Altru honors former Grand Forks nurse turned healthcare policymaker
Mary Wakefield's lifelong interest in health propelled her to the top of a federal healthcare agency. What she has accomplished as administrator of the U.S. Health Resources and Services Administration and as a former practicing nurse, UND profes...
Mary Wakefield's lifelong interest in health propelled her to the top of a federal healthcare agency.
What she has accomplished as administrator of the U.S. Health Resources and Services Administration and as a former practicing nurse, UND professor and director of UND's Center for Rural Health earned her special recogni-tion Tuesday morning from Altru Health System.
The Devils Lake native became the 21st person inducted into the Nursing Hall of Fame, an annual award the hos-pital gives to nurses for their dedication and contribution to the profession, according to Altru Chief Nurse Margaret Reed.
Despite her numerous regional and national contributions, Wakefield said the award shouldn't recognize just her efforts but the work of the nearly 600 registered nurses working at Altru as well.
"This is all about the Altru nurses," she told the Herald on Monday. "There are a hundred other nurses in the building that deserve this award. I'm just taking one for the team."
At the start
The early-morning award ceremony at Altru brought Wakefield back to the site of her first job as a registered nurse.
In 1976, the facility was called United Hospital, but Wakefield can remember ripping open the enveloping con-taining the passing results of her licensing exam in a hallway.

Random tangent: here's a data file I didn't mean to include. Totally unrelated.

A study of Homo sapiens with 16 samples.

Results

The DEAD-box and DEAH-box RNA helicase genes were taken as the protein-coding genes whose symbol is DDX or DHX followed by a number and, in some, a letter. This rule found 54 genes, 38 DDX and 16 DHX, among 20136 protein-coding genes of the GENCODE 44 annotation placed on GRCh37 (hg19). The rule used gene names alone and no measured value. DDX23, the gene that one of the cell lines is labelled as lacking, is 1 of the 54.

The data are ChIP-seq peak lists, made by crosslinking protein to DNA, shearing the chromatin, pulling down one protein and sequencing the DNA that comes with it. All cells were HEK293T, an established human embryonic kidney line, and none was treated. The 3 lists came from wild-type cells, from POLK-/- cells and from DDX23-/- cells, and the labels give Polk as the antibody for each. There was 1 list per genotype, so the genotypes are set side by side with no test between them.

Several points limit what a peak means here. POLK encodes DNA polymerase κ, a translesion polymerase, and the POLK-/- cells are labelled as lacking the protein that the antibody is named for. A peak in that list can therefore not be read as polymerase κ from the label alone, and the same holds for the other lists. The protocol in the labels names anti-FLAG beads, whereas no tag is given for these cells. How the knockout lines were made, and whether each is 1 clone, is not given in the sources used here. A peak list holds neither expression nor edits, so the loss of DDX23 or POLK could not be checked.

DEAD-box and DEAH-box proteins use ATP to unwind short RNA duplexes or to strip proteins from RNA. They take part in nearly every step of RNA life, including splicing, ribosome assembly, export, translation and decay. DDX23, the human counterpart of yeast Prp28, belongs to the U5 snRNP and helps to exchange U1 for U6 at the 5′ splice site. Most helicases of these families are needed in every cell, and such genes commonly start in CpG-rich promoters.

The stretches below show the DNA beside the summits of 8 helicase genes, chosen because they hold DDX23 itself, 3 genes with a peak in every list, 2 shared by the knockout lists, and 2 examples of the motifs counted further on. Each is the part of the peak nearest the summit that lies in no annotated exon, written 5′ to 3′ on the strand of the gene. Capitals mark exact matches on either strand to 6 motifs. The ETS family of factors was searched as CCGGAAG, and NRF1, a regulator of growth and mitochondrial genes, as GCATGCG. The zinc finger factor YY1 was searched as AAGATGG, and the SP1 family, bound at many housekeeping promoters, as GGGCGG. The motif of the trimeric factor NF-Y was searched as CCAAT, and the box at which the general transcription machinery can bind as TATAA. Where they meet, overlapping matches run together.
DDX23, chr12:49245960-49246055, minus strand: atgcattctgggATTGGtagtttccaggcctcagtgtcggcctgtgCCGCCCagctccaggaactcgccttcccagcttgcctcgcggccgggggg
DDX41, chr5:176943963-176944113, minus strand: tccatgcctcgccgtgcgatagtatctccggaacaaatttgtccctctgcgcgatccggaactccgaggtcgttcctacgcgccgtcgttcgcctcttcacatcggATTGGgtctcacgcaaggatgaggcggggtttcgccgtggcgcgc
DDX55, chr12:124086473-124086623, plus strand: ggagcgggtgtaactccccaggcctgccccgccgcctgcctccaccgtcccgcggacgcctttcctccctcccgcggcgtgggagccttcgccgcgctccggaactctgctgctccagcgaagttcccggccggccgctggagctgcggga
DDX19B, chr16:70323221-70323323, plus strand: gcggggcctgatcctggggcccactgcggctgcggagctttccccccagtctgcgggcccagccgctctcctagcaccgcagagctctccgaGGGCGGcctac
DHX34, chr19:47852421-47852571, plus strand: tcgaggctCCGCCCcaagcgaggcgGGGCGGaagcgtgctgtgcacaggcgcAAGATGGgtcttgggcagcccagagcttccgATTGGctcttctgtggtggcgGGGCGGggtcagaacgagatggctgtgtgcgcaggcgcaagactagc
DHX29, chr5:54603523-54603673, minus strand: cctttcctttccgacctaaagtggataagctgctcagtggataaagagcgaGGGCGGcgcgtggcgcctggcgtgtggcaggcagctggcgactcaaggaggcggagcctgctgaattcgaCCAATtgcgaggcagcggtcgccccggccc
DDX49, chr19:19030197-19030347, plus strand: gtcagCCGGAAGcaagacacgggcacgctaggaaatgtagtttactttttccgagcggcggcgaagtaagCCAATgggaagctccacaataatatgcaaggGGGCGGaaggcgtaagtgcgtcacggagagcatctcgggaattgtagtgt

"There was a great team of nurses here," she said of her former coworkers, including Reed, who started at the hospital the same year. Reed received the Hall of Fame Award in 2008.
The award coincides with the hospital's annual celebration of National Nurses Week, which began Monday and ends Sunday. The week recognizes the work of the nation's 2.8 million nurses and the differences they make in their patients' lives, according to Wakefield.
While her first nursing job was in Grand Forks, Wakefield's first foray into healthcare came in high school. She spent her evenings as a nurse's aide, caring for patients at a nursing home and a hospital nursery in Devils Lake.
"Some nights I would have back-to-back shifts," Wakefield said. "I'd see the oldest and youngest in need of care."
While she says she'll always be a nurse, Wakefield's current position keeps her from practicing.
She said she misses caring for patients, but nursing prepared her well for her administrator position.
"It wasn't a stretch," Wakefield said of the jump from nursing to health policy. She still has the opportunity to make a difference like fellow nurses, just on a larger scale.
"As a nurse, you can affect six patients a shift, maybe about 1,000 in a year. In health policy, you can affect the health of millions," she said.
Scrubs are no longer Wakefield's work uniform, but nursing still has an impact on how she does her job.
One example is educating people on a national level about taking steps to prevent illnesses. As someone who was once on the frontlines of healthcare, Wakefield knows these steps can save lives.
"Prevention services are very important and, as a nurse, you don't have to tell me twice," she said.